When a tenant moves out of a rental property there is typically a check out process where the condition of the property is inspected. One of the reasons for this is to check for damage to the landlord’s property. If there is any, then the repair is typically paid for out of the tenant’s deposit. However, it isn’t always a clear-cut process as the check out process has to take into account fair wear and tear, which is the day-to-day deterioration of the condition of the property caused by normal everyday use. This means that the condition of the property and the items in the property do not, unless specifically mentioned in the contract, need to be the same as the day the tenant moved in. So, what is fair wear and tear?
Legal definition of fair wear and tear
There is no detailed legal definition of what fair wear and tear is as it depends on a lot of factors but very broadly it is deemed to be the deterioration of fixtures, fittings and furniture caused by reasonable use of the property.
Fair wear and tear vs damage
There is a difference between the two. As already mentioned, fair wear and tear is the deterioration caused by every day reasonable use of the property. Damage is caused by negligence, carelessness or recklessness. So, for example a frayed carpet might be considered fair wear and tear but a burn hole would be classed as damage.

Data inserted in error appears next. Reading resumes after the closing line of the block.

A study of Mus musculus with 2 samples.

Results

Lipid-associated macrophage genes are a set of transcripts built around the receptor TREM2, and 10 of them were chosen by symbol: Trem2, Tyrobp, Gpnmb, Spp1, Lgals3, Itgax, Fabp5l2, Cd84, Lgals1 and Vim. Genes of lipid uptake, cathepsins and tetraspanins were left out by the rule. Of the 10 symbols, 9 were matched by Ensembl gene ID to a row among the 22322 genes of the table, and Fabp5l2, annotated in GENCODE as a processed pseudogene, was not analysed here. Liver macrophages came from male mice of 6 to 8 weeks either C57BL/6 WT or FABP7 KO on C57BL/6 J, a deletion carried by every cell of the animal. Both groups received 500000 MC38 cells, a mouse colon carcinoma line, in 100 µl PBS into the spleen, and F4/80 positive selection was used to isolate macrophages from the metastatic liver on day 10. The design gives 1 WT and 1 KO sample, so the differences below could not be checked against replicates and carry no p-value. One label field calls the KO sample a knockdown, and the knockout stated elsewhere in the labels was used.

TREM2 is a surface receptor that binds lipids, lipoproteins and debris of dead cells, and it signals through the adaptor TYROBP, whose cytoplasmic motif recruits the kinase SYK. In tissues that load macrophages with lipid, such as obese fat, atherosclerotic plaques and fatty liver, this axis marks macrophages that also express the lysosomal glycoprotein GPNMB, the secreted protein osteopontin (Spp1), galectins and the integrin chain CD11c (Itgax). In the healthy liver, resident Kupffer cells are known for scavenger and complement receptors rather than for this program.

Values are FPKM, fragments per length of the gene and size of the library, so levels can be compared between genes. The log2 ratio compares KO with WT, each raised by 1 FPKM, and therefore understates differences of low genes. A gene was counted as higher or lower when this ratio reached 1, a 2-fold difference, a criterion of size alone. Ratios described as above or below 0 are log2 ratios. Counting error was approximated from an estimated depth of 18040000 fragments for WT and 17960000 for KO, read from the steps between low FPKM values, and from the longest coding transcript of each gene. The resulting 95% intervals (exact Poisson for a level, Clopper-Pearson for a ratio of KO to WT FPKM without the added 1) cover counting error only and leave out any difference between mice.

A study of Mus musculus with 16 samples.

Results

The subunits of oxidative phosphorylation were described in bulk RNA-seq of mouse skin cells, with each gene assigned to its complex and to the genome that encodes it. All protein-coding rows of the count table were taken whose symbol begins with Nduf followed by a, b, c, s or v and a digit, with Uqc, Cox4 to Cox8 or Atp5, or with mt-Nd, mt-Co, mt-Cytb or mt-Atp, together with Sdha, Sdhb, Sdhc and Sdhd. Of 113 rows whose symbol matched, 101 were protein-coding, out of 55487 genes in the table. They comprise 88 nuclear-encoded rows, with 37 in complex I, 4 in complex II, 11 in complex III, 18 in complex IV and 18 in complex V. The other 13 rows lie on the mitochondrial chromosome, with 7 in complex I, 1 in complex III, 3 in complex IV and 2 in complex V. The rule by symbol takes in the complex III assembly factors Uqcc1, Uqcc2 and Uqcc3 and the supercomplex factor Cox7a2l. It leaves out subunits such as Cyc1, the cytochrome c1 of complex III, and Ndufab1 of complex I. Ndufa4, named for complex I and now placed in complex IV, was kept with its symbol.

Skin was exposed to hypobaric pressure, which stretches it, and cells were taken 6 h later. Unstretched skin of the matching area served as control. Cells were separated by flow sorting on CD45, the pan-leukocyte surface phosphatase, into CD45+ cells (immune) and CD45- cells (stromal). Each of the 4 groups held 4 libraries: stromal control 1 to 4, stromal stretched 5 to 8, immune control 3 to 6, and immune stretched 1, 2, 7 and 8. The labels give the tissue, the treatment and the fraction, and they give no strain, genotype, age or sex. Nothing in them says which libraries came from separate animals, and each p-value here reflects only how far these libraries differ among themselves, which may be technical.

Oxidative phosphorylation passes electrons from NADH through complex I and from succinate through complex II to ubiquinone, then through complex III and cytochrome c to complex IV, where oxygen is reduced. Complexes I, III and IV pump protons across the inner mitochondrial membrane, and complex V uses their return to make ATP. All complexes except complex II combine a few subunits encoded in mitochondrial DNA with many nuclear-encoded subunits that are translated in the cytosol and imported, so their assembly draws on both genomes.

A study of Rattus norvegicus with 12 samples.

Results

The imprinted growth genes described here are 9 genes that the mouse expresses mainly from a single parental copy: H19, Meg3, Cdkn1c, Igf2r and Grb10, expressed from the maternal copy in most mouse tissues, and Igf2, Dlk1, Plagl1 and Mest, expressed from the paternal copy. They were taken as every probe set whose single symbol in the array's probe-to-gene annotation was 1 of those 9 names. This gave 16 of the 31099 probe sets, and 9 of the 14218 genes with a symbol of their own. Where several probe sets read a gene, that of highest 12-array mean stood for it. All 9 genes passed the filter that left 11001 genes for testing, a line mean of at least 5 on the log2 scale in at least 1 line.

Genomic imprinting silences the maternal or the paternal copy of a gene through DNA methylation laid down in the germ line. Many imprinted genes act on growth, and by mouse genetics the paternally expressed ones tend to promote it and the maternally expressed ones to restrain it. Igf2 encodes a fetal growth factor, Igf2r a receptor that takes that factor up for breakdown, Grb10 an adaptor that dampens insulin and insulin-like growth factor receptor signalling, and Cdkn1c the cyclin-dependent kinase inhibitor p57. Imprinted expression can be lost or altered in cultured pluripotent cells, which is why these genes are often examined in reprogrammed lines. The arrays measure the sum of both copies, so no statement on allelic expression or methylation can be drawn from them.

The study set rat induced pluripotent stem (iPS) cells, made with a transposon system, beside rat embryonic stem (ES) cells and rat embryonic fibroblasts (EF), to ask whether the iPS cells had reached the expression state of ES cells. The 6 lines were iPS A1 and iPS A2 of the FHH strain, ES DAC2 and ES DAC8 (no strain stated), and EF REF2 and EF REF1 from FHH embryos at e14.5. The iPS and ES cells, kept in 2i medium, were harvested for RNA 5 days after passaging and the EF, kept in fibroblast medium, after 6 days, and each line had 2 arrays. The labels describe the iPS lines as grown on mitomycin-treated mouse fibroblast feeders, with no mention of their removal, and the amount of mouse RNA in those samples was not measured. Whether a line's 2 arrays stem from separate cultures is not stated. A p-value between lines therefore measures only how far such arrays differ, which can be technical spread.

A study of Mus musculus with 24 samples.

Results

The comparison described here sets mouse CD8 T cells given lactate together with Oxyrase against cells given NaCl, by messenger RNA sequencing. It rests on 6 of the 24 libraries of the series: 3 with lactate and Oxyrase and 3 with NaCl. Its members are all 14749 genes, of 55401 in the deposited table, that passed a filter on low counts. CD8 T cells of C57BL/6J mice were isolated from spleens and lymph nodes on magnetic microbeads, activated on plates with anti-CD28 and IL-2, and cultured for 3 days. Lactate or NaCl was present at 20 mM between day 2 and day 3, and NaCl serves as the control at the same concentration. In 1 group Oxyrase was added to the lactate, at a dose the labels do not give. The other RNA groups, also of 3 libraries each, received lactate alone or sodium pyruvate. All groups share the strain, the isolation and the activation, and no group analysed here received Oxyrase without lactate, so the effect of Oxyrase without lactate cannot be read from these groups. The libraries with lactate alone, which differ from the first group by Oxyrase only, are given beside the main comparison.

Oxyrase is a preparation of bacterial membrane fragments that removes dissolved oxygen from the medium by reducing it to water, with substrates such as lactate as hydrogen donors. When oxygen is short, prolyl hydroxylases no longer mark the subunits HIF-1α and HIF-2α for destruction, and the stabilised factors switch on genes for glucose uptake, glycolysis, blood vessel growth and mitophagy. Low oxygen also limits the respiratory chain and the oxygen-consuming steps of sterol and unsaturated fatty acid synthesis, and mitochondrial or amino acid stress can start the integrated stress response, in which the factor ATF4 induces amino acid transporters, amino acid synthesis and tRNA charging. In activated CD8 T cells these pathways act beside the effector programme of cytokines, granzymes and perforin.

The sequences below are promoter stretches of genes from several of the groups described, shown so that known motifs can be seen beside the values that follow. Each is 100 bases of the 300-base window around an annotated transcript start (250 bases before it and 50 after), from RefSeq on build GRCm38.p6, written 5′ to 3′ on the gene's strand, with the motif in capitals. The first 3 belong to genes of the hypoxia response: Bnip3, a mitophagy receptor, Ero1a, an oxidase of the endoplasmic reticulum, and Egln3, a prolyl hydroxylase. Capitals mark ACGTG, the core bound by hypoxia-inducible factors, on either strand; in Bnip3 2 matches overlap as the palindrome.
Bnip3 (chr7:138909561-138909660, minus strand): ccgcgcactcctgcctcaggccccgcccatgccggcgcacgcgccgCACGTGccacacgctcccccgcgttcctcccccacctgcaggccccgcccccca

What needs to be considered?
When determining what fair wear and tear is there are a few things that need to be considered:
- Length of tenancy – the longer the tenancy the more wear and tear that would be expected
- The number of tenants. Clearly if there are 4 people living in the property more wear and tear would be expected than if only 1 person lived in the property
- Condition of property when the tenancy started. How old were the fixtures, fittings and furniture at the start? If they were already quite old, then more wear and tear would be expected than if they were new
- Quality of the fixtures, fittings and furniture. Lower quality items are likely to deteriorate faster than high quality items.
Examples of wear and tear versus damage
|Wear and Tear||Damage|
|Faded curtains||Torn curtains|
|Frayed carpets||Carpets with burn marks|
|Scuff marks on walls||Holes in walls|
|Loose wallpaper||Torn wallpaper|
It is important, during the check out process, to ensure that the difference between fair wear and tear and damage is clearly highlighted and agreed to avoid any confusion. If there is disagreement then the issue will need to be determined by an arbitrator of the deposit protection scheme through the deposit dispute process.
Fair wear and tear is an important factor in ending any tenancy and a landlord cannot ask for deductions from deposits for deterioration caused by fair wear and tear. As this is very subjective, with no clear definition in law. It can be a grey area. It is, then important to be very precise during the check in process and also come to agreement in the check-out process.